It is important for employers to have an alcohol and substance abuse policy because many employees are abusing drugs or alcohol at work, which can lead to unacceptable behavior. This article will discuss how employers should set drug policies that are compliant with labor laws, ensure the safety of all employees, prevent workplace injuries or even fatalities and protect the company’s legal interests.

According to the National Council on Alcoholism and Drug Dependence (NCADD), about 18 million people in America suffer from alcohol addiction and another 8 million struggle with drug addiction. Research by Harvard Medical School revealed that more than 120,000 workers per year test positive for illegal drugs or alcohol when given a drug test after an industrial accident involving casualties or misses. The number is alarming, especially when you consider that the actual amount of people abusing drugs or alcohol at work is much higher than what you can see in this research.

Alcohol and Substance Abuse Causes Workplace Accidents, Injuries, Fatalities

The main cause of accidents at the workplace is fatigue and stress. These factors impair an employee’s judgment, which results in poor decision-making. Employees who abuse drugs or alcohol (whether legal or illegal) are four times more likely to be involved in a workplace accident than sober employees, according to Occupational Medicine Practice News (OMPN). Fatigue may not only result in injuries but also in fatalities at work. For example, The Bureau of Labor Statistics reported that there were 991 fatal injuries (fatalities) among 16- to 17-year old non-agricultural workers in the period between 2003 and 2007, though this number has declined in recent years. Alcohol was a major factor involved in these fatalities.

Legal Issues for Employers Who Don’t Have Drug Policy

If you don’t have an alcohol and substance abuse policy in place, you might face lawsuits from different kinds of people: employees, third parties (a person or business that’s not directly involved in an accident but suffered some damage), or from the federal government itself if it turns out that your drug policy is insufficient. Employees can claim, for example, disability discrimination if they become addicted to drugs after being offered a job at your company by alleging that the addiction resulted from the work conditions — which are not necessarily true. Third parties can sue you, for example, if your intoxicated employees cause an accident with their clients, students, or customers. They can even go to the federal government and claim that it is their fault that they were injured and ask to be compensated by the federal government’s fund for worker injuries.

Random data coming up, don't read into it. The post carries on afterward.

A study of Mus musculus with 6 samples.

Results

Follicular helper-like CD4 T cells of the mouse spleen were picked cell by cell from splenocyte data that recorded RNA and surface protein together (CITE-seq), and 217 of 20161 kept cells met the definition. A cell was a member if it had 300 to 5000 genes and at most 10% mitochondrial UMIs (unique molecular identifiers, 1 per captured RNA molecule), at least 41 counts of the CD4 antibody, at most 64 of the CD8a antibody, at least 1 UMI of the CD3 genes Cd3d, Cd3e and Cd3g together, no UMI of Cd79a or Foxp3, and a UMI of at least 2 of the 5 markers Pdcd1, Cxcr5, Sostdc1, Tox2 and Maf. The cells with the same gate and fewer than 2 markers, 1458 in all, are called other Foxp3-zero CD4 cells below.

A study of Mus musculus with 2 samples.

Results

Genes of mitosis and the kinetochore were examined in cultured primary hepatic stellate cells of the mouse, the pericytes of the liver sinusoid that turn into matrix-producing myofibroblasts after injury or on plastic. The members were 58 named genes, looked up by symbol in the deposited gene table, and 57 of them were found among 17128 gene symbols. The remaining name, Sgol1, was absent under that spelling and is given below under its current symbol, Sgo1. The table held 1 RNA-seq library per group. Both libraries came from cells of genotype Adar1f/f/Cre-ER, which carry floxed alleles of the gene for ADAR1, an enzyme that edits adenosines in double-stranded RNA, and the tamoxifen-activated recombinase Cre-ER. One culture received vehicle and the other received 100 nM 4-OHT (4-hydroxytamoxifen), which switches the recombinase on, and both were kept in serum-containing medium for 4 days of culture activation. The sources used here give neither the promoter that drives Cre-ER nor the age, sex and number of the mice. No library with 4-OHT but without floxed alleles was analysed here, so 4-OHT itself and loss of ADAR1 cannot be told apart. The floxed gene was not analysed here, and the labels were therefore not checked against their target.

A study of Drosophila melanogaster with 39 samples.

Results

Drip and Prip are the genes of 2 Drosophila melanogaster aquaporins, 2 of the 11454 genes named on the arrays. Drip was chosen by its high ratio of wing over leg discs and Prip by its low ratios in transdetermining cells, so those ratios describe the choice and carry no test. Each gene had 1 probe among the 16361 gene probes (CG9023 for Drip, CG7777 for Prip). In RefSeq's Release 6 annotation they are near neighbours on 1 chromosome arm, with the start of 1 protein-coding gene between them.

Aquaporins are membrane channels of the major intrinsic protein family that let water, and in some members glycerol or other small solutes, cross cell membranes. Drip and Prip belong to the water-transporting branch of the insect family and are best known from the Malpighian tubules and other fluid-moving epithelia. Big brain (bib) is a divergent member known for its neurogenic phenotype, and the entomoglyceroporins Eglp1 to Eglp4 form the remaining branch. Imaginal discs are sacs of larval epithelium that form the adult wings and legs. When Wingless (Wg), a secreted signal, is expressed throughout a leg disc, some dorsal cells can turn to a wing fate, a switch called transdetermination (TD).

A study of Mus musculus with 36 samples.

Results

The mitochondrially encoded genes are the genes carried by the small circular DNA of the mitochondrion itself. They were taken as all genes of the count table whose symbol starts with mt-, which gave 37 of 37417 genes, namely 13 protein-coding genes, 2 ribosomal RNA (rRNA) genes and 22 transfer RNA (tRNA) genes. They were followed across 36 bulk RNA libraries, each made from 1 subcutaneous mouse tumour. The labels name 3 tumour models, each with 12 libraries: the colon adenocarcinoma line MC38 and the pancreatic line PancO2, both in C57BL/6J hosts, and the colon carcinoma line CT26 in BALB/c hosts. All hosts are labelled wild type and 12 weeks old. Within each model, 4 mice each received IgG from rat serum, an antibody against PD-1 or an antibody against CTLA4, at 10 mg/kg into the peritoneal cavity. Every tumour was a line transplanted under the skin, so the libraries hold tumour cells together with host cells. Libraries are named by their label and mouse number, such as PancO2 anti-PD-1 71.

How to Keep Your Company Safe From Alcohol and Substance Abuse-Related Accidents?

The best way to keep your company safe from accidents caused by alcohol or substance abuse is having a written drug policy in place as well as employee training on such issues as how to recognize impairment (judgment, physical abilities) due to drugs or alcohol; disciplinary measures; applicable laws about workplace alcohol and substance abuse; requirements of your drug policy (employee testing); confidentiality of the policy and more.